Bottom Line: When your children have moved on from memorization of basic math facts and need support with math from Grade 4 through college, then look no further. This app has the answer to the most complex of problems free and thorough explanations for a fair price.
Mathway, by developer Bagatrix, is your child's own personal, infallible geek. It provides the answer to any math problem or equation. It goes far beyond even scientific calculators since it can process algebraic equations with multiple variables. The app is free to download and easy to use. Just put in the problem and out pops an answer. Using the app provides a surefire way to double-check homework.
If the answer on your child's paper is not what the app is showing or you consider it important to know how one arrives at the correct answer, then consider getting a subscription to Mathway. With the subscription service, each problem is worked out step by step. Individual subscriptions are available for Basic Math, Pre-Algebra, Algebra, Trigonometry, Pre-calculus, Calculus and Statistics. If your child has been showing his work as he is supposed to, then together you can compare his paper to the diagram of the problem in the app. This step-by-step analysis allows the child to discover where in the process he made a mistake and fix it. As a parent, seeing the problem worked out also gives me just enough of a refresher to be able to help my child.
The app handles pretty much any equation with parentheses, brackets and multiple operators proving no match for the computer brain at work. Users should be aware, however, that the app can only work with numbers or variables. It cannot process those ridiculous word problems where Mary has two apples and Susie has six apples less than Tom and you have to figure out how many oranges Bob has. In these situations the user has to at least be able to write the equation from the information given in the problem.
Overall the app and interface are extraordinary. There is a help screen that offers comprehensive directions on how to select a subject, enter a problem, use the keyboard, view steps and manage your account. The app has special keyboards with all the appropriate mathematical symbols as well as guides on how to translate things like exponents which are usually superscripted into a recognizable format. In settings users can adjust example difficulty as well as control the level of detail given with an explanation from low to high. There are also numerous choices for how graphs will appear. Take that Microsoft Excel 2010.
The examples and glossary buttons accessible at the bottom of the screen have a wealth of information. The glossary has 300 mathematical terms and the definitions are cross-referenced with hyperlinks so when even the definition uses words you don't know, you can just keep clicking. Examples are available to show concepts from each subject area. Basic math has among its many topics long arithmetic, factors, proportions, ratios, area and volume as well as unit conversions in both metric and US forms of measurement. The explanation for "Find the area of the square" (entered as rectangle[20,20]) had four steps. First the square with its labeled sides was shown. Next the rule (The area of a square is equal to the length times the width) and corresponding equation (A=L*W) were written out. Step 3 has the values of the length and width which are both 20 substituted in for L and W. In the final step 20 is multiplied by 20 to get the answer of A=400. All explanations clearly identify the proper formula to use to solve the problem and all glossary terms appear in blue and are clickable for an instant pop-up definition which sure beats flipping to the end of a math text.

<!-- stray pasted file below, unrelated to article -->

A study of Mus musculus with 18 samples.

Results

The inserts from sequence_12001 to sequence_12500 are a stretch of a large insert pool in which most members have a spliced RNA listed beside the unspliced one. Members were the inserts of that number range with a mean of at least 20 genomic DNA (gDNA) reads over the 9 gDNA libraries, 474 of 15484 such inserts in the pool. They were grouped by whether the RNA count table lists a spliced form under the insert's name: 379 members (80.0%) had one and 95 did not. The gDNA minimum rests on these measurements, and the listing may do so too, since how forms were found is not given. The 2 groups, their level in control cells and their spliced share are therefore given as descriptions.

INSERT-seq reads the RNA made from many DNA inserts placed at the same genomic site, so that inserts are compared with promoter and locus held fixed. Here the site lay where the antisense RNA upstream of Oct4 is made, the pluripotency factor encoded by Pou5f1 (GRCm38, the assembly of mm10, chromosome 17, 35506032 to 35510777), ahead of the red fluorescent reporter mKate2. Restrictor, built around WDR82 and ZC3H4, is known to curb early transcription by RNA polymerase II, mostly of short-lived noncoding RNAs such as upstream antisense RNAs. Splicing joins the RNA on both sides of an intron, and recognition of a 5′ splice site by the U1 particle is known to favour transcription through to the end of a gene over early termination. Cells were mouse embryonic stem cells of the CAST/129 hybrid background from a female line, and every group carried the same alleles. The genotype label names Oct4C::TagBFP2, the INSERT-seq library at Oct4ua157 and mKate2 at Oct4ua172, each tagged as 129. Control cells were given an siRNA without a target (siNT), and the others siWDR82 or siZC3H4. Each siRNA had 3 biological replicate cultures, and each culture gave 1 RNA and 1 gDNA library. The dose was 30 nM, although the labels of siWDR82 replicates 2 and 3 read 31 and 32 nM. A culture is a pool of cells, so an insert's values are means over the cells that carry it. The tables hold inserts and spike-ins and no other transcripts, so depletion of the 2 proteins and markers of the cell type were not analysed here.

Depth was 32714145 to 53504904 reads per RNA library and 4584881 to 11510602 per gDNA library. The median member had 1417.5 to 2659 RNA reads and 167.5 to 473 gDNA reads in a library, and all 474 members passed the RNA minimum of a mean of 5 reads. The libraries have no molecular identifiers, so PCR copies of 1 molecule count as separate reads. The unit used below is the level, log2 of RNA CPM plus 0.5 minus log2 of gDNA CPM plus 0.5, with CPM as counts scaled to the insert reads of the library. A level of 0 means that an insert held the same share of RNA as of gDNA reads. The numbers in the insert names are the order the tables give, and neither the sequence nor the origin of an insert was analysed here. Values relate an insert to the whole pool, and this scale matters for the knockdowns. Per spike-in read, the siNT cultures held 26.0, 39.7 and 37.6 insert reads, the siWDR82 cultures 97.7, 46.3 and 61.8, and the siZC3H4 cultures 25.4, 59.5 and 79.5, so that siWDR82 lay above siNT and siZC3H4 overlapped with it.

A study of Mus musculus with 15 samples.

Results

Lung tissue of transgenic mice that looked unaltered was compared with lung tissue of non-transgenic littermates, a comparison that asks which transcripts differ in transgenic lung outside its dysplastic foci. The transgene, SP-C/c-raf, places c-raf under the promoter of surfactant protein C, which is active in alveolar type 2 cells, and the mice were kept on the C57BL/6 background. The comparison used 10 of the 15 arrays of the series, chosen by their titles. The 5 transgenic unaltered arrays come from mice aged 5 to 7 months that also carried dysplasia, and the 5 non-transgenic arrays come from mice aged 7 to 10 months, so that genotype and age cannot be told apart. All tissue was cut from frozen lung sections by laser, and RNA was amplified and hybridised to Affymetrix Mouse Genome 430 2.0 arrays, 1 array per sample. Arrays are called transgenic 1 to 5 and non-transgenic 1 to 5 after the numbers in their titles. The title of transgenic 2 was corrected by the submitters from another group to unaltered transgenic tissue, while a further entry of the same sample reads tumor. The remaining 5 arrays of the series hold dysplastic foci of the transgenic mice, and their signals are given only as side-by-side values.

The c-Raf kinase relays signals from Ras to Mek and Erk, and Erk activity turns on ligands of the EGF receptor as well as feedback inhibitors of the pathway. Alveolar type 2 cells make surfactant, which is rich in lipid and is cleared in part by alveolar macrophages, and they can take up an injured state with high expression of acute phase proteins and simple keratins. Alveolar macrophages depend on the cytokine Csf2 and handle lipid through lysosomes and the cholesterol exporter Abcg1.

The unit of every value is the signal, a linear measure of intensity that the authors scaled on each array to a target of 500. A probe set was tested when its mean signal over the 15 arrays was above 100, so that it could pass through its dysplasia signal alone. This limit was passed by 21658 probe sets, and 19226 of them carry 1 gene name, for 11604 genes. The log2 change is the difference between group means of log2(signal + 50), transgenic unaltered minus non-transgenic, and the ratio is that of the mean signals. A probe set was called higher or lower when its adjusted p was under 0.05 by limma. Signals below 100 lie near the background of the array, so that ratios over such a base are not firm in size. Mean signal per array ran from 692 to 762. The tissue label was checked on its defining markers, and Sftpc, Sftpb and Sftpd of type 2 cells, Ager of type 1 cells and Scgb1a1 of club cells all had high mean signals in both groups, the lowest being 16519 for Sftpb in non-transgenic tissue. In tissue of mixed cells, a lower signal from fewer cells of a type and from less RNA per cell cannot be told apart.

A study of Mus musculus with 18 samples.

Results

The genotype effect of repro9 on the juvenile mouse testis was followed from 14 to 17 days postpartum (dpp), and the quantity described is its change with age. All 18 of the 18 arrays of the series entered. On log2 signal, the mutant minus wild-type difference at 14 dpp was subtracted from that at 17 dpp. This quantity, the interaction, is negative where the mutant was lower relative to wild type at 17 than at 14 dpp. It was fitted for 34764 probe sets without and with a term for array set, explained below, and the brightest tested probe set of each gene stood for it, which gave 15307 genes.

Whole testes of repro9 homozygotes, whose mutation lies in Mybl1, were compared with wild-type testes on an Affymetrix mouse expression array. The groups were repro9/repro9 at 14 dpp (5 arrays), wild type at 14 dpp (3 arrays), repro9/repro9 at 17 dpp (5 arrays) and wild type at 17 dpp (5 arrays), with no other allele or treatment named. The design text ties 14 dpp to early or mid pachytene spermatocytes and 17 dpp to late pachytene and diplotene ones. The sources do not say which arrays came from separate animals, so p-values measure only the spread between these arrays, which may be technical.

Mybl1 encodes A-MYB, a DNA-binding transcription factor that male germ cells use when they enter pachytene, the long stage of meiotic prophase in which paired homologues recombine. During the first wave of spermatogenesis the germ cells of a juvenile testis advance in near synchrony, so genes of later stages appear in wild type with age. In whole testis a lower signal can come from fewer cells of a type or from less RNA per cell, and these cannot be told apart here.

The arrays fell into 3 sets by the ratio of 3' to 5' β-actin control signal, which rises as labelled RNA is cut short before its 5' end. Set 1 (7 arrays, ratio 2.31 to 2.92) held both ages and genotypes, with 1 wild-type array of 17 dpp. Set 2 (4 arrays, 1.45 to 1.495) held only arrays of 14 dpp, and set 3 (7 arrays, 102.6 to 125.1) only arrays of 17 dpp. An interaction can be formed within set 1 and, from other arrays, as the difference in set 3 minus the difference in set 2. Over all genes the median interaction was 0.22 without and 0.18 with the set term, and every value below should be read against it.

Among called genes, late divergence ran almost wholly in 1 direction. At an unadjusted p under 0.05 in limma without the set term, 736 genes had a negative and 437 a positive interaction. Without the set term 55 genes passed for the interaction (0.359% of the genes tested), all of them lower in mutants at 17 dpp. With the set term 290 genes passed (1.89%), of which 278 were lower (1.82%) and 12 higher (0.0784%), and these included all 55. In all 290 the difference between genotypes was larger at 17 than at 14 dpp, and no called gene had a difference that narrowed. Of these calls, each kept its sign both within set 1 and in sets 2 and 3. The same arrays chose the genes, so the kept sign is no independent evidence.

I put the app through its paces using actual problems from my child's math text as well as some doozies from an old algebra book my mom used when she taught math. It handled it all with aplomb. It takes a while to get used to the keyboard symbols, but the app is smart and tells you if input is incomplete. The subscriptions are not cheap when compared to prices of games and such in the iTunes store but neither is a qualified math tutor. Access to all seven subjects for a full year is $59.99. Given that a single session with a tutor can be $50, this is a small price to pay. Subscriptions can also be bought for single subjects and for shorter time periods (7, 30 or 180 days) for less money.
Mathway is magic pure and simple. Everybody should download the free app and sign up for a free account at Mathway.com which will remove all ads from the app. I would also highly recommend the subscription for any students struggling with math. It only gets harder as you move along so getting the basics down is essential. Homeschoolers should take a close look as well. It does provide a handy surefire way to skip actually doing homework and those evil problem sets, but with a little parental supervision and motivation on the part of the student, success in math is one step closer.
This review was written by Jill Goodman whose mother taught 7th grade math for many years. smartappsforkids.com was paid a priority-review fee to complete this review in an expedited manner.